The Gospel of Matthew’s inclusion of four women from the Hebrew Bible in its genealogy of Jesus has long perplexed readers, but these women may hold a key to understanding the gospel as a whole.

Toros Roslin, Ancestors of Christ (detail), 1262, illuminated manuscript, 21.5 x 30 cm. Source: Wikimedia Commons.

The Gospel of Matthew opens with “an account of the genealogy of Jesus the Messiah” (Matt 1:1, NSRVue). Tracing Jesus’s family tree back to Abraham, this account supports Matthew’s claims that Jesus is Israel’s Messiah, God’s anointed. Careful readers, however, have long noticed a curious detail: in an otherwise patrilineal list of ancestors, this genealogy includes four women from the Hebrew Bible (Tamar, Rahab, Ruth, and Bathsheba) as well as the mother of Jesus. Explanations of these women’s inclusion often look for common threads in their stories, interpreting these patterns as precedent-setting for Jesus’s birth or ministry.

What do we know about these women?

All of the women in Matthew’s genealogy were in vulnerable positions. Whether through their own wits or their openness to God’s plans, however, they secured a future for themselves and their children. Tamar, daughter-in-law of Judah, was twice-widowed and childless. In Gen 38, she disguised herself, seduced her father-in-law, and conceived twin sons. Judah accused her of promiscuity, but ultimately even he recognized her as righteous. Rahab was a Canaanite prostitute, who was approached by Israelite spies (Josh 2, 6). By securing their safety she secured a future for herself and her family among the Israelites. Ruth was a Moabite and a childless widow (Ruth 1–4). She provided for herself and her mother-in-law by spending the night with their relative, Boaz, on the threshing floor. They married, and, with him, she carried on the family line. Bathsheba was already married when King David ordered for her to be brought to him. When she conceived David’s child, he had her husband killed and married her. Their first child died, but Bathsheba later ensured a place for herself and her family through their second son, Solomon (2 Sam 11–12; 1 Kgs 1).

How might the inclusion of these women anticipate Matthew’s portrayal of Jesus?

Some interpreters suggest that the irregular or scandalous nature of these women’s sexual encounters sets a precedent for the irregularity of Mary’s experience ahead of the birth of Jesus (Matt 1). Matthew is certainly interested in communicating the irregular nature of Jesus’s conception by the Holy Spirit while his mother was a virgin. The author does so, however, in a way that emphasizes the unique and miraculous nature of the conception and deemphasizes its scandal.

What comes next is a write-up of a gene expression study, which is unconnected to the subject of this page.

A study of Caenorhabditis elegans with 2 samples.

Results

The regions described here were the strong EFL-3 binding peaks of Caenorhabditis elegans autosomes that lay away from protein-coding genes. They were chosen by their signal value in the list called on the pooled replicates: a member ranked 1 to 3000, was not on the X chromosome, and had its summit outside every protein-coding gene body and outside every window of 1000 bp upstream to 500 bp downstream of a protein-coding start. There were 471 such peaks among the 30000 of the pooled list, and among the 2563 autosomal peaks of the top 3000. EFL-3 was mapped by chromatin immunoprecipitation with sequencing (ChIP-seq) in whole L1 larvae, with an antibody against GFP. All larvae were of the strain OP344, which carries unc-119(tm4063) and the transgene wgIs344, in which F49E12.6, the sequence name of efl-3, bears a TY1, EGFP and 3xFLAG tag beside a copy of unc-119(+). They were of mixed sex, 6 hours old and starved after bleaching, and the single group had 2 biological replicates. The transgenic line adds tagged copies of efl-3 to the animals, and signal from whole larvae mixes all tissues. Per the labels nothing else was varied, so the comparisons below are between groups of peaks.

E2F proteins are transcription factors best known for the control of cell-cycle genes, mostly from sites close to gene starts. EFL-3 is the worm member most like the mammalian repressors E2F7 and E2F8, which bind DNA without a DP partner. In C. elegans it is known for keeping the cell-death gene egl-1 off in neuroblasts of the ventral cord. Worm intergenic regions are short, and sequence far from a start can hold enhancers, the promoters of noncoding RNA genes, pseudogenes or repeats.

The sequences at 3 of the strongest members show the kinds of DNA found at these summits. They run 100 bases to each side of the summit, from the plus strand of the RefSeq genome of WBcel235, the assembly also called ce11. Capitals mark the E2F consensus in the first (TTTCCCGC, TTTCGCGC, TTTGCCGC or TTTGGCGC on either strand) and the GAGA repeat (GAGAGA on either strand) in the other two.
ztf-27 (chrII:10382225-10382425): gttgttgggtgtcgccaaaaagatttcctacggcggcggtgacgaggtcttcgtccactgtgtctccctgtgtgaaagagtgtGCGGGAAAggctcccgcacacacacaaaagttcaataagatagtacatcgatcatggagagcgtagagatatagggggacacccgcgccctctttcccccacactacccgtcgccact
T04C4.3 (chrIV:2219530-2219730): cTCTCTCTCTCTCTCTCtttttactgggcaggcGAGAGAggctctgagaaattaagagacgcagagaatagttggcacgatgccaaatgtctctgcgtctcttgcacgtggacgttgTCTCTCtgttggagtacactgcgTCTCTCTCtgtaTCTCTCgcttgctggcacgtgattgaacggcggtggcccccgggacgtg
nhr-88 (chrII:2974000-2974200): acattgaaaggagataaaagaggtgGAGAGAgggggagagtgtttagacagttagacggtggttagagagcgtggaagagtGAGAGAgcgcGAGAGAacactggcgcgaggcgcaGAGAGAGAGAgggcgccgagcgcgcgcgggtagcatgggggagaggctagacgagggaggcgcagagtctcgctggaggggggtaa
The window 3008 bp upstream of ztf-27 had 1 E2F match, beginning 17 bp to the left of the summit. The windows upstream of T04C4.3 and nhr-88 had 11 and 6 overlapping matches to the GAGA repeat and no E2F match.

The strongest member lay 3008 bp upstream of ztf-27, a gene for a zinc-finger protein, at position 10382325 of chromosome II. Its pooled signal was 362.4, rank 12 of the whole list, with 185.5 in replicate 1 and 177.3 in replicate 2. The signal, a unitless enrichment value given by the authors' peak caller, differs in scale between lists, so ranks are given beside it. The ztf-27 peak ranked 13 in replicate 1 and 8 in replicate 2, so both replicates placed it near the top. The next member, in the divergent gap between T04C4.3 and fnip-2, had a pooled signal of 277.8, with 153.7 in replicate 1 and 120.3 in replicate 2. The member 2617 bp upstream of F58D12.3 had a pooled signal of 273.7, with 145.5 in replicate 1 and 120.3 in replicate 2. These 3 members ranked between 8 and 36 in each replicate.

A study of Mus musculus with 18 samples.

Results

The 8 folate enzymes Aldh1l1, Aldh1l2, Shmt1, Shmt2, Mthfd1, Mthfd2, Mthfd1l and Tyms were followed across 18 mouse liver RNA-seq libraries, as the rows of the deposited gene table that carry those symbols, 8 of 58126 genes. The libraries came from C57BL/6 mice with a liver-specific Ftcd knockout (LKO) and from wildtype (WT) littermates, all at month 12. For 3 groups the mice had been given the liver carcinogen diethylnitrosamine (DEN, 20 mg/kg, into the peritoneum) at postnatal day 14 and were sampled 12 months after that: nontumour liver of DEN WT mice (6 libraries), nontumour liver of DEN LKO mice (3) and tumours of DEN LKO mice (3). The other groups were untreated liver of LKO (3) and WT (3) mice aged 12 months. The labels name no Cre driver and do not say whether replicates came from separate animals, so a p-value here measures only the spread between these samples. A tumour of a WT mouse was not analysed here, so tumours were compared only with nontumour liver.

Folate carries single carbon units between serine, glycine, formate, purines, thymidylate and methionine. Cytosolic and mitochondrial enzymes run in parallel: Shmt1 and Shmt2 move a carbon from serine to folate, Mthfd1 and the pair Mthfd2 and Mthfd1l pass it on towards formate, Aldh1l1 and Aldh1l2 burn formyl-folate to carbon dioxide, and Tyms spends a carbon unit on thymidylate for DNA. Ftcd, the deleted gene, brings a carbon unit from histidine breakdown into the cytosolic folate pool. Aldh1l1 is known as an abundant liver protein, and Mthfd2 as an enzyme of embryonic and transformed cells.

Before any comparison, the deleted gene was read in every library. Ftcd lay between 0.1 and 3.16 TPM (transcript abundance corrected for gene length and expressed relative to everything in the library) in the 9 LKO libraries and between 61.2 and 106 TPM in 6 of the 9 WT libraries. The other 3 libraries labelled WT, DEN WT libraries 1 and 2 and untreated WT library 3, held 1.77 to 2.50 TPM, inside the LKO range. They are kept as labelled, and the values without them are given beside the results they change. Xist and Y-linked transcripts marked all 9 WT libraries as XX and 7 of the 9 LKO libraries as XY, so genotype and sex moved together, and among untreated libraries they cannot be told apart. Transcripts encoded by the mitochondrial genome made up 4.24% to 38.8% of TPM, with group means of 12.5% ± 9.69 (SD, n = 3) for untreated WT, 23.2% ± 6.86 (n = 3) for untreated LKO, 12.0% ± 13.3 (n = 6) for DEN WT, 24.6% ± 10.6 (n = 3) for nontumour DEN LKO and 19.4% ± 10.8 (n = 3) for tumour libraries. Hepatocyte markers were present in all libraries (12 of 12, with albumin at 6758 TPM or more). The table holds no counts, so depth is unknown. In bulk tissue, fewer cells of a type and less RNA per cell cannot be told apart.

Others see the women as foreshadowing aspects of Jesus’s ministry or the author’s community. If the women are considered gentiles, then their inclusion could set a precedent for gentile inclusion among Jesus’s followers. Tamar and Bathsheba, however, are not explicitly identified as non-Israelites in the Hebrew Bible, although they are remembered as such in some later traditions. Furthermore, even Rahab and Ruth are occasionally regarded as Jewish proselytes rather than gentiles per se. One might, then, understand them all more broadly as having been outsiders (ethnically, socially, etc.) who came to be insiders.

Another hypothesis—that these women were particularly sinful and were included to anticipate Jesus’s redemption of sinners—has unfortunately been persistent despite having no biblical basis. None of the women is remembered as sinful within the biblical tradition, especially not when compared to many of the men in the list (including Judah and David). Rather, all of them might be understood as victims of exploitative situations, who, nevertheless, persisted and carried on this family line.

Through their vulnerabilities and their outsider status each of these women joined and redefined this messianic family line. Their inclusion anticipates both Jesus’s birth and Matthew’s expanding definition of family within the early church.

  • Caroline Parish (Class of 2025) is from College Station, TX and is majoring in religion and communication at Trinity University.

  • Kim Bauser McBrien is a Lecturer in the Religion Department at Trinity University. She specializes in the New Testament and Early Christianity. Her focus is on the role of memory in the preservation and production of Jesus traditions in the canonical and extracanonical literature of the first three centuries CE.